The ArduHeli 3.6 build with L1 Navigation is available here - >
Bill provided good information for folks who want to fly this, I’ll add some as well.
The advantages of L1 Nav are
- it maintains constant speed in turns, climb, descent and does not slow down the heli like Copter Nav does to hit a waypoint or altitude
- In crosswinds it will crab the heli into the wind as all normal aircraft do, instead of banking it into the wind and flying the aircraft in a slip like Copter Nav. So folks that have tail empennage on their helicopter, especially vertical stabilizer, will find it more fuel efficient and less power requirement for the tail rotor
- speed changing in flight is infinitely smoother than Copter Nav
- more efficient turning on survey flights or S&R passes, reduces overrun on the turns
Some things to be aware of:
- you must become familiar with the maximum turning, climb and descent performance of your helicopter, as L1 is capable of pushing your machine to its limit with no holds barred
- in turning, a 60 deg bank angle coordinated turn in any aircraft is a 2G turn. Doesn’t matter if it’s a RC helicopter or a fighter jet. So if your helicopter weighs 25lbs, in a 60deg banked turn it now experiences the equivalent of 50lbs of weight. It must have the power to do this and maintain airspeed at the same time
- become familiar with the maximum climb/descent gradient you have set for your heli with the WPNAV UP/DOWN settings. You’ll have to figure this out and calculate your maximum gradients when you lay out waypoints. Otherwise you’ll end up with the same problems that full-size pilots have cruising at FL450 @ 580kts, want to make a standard “rule of 3” descent so as to not overwhelm the cabin pressurization, don’t start the descent at 500 miles out you won’t make the airport unless you pull the throttles back and slow down. L1 is the same way. Learn about climb/descent gradients and how to apply them in flight planning, as L1 will not automatically slow the aircraft to hit an altitude target.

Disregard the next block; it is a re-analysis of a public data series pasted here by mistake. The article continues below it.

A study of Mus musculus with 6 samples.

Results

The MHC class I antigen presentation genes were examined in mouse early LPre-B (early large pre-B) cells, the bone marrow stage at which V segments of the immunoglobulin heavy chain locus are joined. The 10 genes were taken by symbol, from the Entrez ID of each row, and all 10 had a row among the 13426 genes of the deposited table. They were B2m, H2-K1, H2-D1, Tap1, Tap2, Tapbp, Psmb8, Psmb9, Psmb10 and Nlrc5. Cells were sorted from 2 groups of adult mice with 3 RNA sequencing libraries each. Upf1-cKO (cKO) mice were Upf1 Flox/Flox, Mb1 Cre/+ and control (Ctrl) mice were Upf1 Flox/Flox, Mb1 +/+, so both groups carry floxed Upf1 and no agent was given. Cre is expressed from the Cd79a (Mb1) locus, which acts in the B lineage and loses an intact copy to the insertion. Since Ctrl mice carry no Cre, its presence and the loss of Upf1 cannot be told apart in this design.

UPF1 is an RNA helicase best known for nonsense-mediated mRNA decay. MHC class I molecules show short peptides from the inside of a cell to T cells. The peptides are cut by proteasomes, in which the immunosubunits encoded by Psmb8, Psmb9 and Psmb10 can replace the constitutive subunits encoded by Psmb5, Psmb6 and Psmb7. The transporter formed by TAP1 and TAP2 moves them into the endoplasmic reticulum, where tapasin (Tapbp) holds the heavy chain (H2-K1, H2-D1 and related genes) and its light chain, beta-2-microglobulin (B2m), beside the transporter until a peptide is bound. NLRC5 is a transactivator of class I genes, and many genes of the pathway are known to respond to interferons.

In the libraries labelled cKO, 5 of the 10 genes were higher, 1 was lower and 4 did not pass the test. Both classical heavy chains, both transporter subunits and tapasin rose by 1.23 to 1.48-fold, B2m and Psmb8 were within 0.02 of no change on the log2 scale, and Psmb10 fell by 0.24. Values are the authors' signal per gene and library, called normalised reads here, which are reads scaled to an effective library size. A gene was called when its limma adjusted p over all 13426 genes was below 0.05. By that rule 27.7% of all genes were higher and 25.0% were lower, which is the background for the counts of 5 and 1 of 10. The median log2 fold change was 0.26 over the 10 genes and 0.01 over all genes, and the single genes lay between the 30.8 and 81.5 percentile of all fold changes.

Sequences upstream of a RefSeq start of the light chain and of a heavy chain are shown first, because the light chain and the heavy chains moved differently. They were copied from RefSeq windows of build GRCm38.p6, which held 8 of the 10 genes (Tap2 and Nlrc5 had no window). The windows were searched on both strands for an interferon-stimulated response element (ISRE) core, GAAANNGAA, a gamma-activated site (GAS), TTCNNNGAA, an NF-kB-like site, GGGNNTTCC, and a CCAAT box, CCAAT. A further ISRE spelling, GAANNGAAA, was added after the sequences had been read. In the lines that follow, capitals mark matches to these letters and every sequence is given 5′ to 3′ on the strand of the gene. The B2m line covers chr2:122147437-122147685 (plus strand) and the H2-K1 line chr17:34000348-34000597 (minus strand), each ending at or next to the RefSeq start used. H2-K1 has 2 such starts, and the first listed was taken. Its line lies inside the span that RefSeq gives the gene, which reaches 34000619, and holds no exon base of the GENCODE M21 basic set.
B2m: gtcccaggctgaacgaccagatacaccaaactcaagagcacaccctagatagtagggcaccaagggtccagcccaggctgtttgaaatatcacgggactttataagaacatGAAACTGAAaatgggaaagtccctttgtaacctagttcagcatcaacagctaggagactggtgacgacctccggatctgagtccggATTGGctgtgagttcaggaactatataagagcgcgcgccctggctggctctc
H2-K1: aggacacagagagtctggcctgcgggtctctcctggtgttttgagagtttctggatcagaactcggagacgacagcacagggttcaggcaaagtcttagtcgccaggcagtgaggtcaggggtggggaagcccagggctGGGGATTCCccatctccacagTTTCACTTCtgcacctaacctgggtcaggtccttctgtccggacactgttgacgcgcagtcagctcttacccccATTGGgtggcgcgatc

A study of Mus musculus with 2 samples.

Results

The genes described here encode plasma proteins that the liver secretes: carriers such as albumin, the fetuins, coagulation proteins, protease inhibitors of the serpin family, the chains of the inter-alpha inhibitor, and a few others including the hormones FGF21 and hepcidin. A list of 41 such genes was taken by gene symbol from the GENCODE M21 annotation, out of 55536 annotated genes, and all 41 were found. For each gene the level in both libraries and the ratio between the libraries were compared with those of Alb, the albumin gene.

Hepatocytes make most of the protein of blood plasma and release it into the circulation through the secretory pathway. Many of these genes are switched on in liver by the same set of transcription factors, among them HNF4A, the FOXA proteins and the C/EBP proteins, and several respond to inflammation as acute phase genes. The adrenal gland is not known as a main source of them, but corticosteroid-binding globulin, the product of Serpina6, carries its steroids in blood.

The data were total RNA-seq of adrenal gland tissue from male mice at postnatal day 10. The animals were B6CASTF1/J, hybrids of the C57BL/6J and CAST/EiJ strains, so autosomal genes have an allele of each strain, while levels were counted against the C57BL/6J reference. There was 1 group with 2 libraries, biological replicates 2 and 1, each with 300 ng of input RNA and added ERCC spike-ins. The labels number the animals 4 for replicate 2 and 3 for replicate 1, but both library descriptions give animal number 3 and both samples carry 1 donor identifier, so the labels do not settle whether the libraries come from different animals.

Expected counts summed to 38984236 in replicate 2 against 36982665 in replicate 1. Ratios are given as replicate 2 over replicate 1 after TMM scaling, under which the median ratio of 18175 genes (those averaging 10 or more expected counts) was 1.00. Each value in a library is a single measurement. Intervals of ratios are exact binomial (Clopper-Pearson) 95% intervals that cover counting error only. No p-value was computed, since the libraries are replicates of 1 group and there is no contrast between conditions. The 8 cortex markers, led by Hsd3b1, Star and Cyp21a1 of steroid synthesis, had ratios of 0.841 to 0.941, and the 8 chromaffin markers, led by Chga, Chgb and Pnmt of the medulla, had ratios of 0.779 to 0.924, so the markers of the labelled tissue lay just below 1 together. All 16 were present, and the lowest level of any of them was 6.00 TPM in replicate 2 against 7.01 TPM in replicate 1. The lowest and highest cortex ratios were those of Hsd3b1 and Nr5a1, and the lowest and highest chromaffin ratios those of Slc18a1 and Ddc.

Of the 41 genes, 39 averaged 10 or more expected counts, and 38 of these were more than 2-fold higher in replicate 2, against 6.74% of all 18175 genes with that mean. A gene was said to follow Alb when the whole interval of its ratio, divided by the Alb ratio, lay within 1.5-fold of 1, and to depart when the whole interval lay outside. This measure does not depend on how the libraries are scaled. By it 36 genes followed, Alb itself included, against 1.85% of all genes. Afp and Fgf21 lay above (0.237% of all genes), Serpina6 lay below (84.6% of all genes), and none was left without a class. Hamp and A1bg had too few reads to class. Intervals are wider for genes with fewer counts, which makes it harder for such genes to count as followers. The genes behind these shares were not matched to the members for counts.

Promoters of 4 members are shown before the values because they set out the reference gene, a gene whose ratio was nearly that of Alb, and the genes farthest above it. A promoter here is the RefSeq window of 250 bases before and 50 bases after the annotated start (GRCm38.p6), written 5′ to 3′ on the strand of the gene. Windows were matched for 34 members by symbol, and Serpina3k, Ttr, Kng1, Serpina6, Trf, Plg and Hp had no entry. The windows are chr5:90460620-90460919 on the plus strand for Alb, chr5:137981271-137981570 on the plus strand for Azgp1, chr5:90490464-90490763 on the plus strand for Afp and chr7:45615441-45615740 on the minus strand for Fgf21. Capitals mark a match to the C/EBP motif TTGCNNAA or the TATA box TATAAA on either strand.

I’ve flown this several hours now. Have switched to using it for survey flights. In setting it up I’ve never made any adjustments to the speed-height controller settings. WPNAV_ACCEL set to 100 is sufficient and allows for very smooth speed changes. WPNAV_ACCEL no longer has anything to do with ability to hit waypoints. Set your WPNAV_RADIUS to the distance your heli flies at cruise speed in two seconds.
The NAVL1 settings, I don’t know what Bill has flown, but damping set to 0.8 and turning period of 18-20 works for my heavy helicopters. I’ve never adjusted the cross-track error I-gain from the default, or found it necessary.
The SF setting, however, I have played with quite a bit. I call this the Stomp Factor on the torque pedals. If I want to make really cool “ag turns” and pedal turn it I’ve set this up to as high as 2.0. What it does is lead the turn on torque, convert some of what would be bank angle to nose down instead on a tight turn, and reduce or eliminate the cross-track error lining up on the next pass. Set it high enough it will virtually point the heli’s nose at a point on the ground and pivot around it making the turn.
Depending on how fast you’re going, this can max the heli right out on pitch and pull maximum power in the turn. But it sure is fun! Stomp Factor is also interactive and you can leave it set at 1.0 and add manual Stomp Factor in the turn with the rudder stick while the autopilot flies the heli otherwise. Really fun on FPV.
This is a survey flight I flew with it showing the turns. On entry to waypoint 1 I was cruising across the field at 60 kts and it was a ~1/2 mile run to that waypoint. I turned the speed down to survey speed at 20 kts before it got to waypoint 1 and you can see how it made the entry on the pass. No stop-turn-go robot stuff like Copter Nav. Nor any really scary hairy unknown flight path that a spline might take on a waypoint that far away.
Tiny bit of cross-track error on the entry to the passes, a little more Stomp Factor would fix that. But it was minor so I didn’t worry about it. At steady 20 kts she was pulling ~30 deg of bank in the turns. You can see there is no over-run on the pass, despite the fact that it holds speed in the turn. Way more efficient for your helicopter as it is not accelerating and decelerating all the time.
The same speed and pass width with Stomp Factor set to 1.0
One final note; Bill added a feedforward path to the speed-height controller. When I flew it today I set that to 0.1 and it seemed to provide smooth transition in speed from a manual mode to Auto. I think Bill has a recommended way to adjust that, but I did not thoroughly test that today.
Edit: I had to edit this post as I had pre-prepared it but I had information for the post on two different computers, plus my tablet.
The method of tuning the L1 is best done for a chosen speed on 180 deg S&R turns. You can refer to the Plane documentation on how to tune it for the turning period and damping.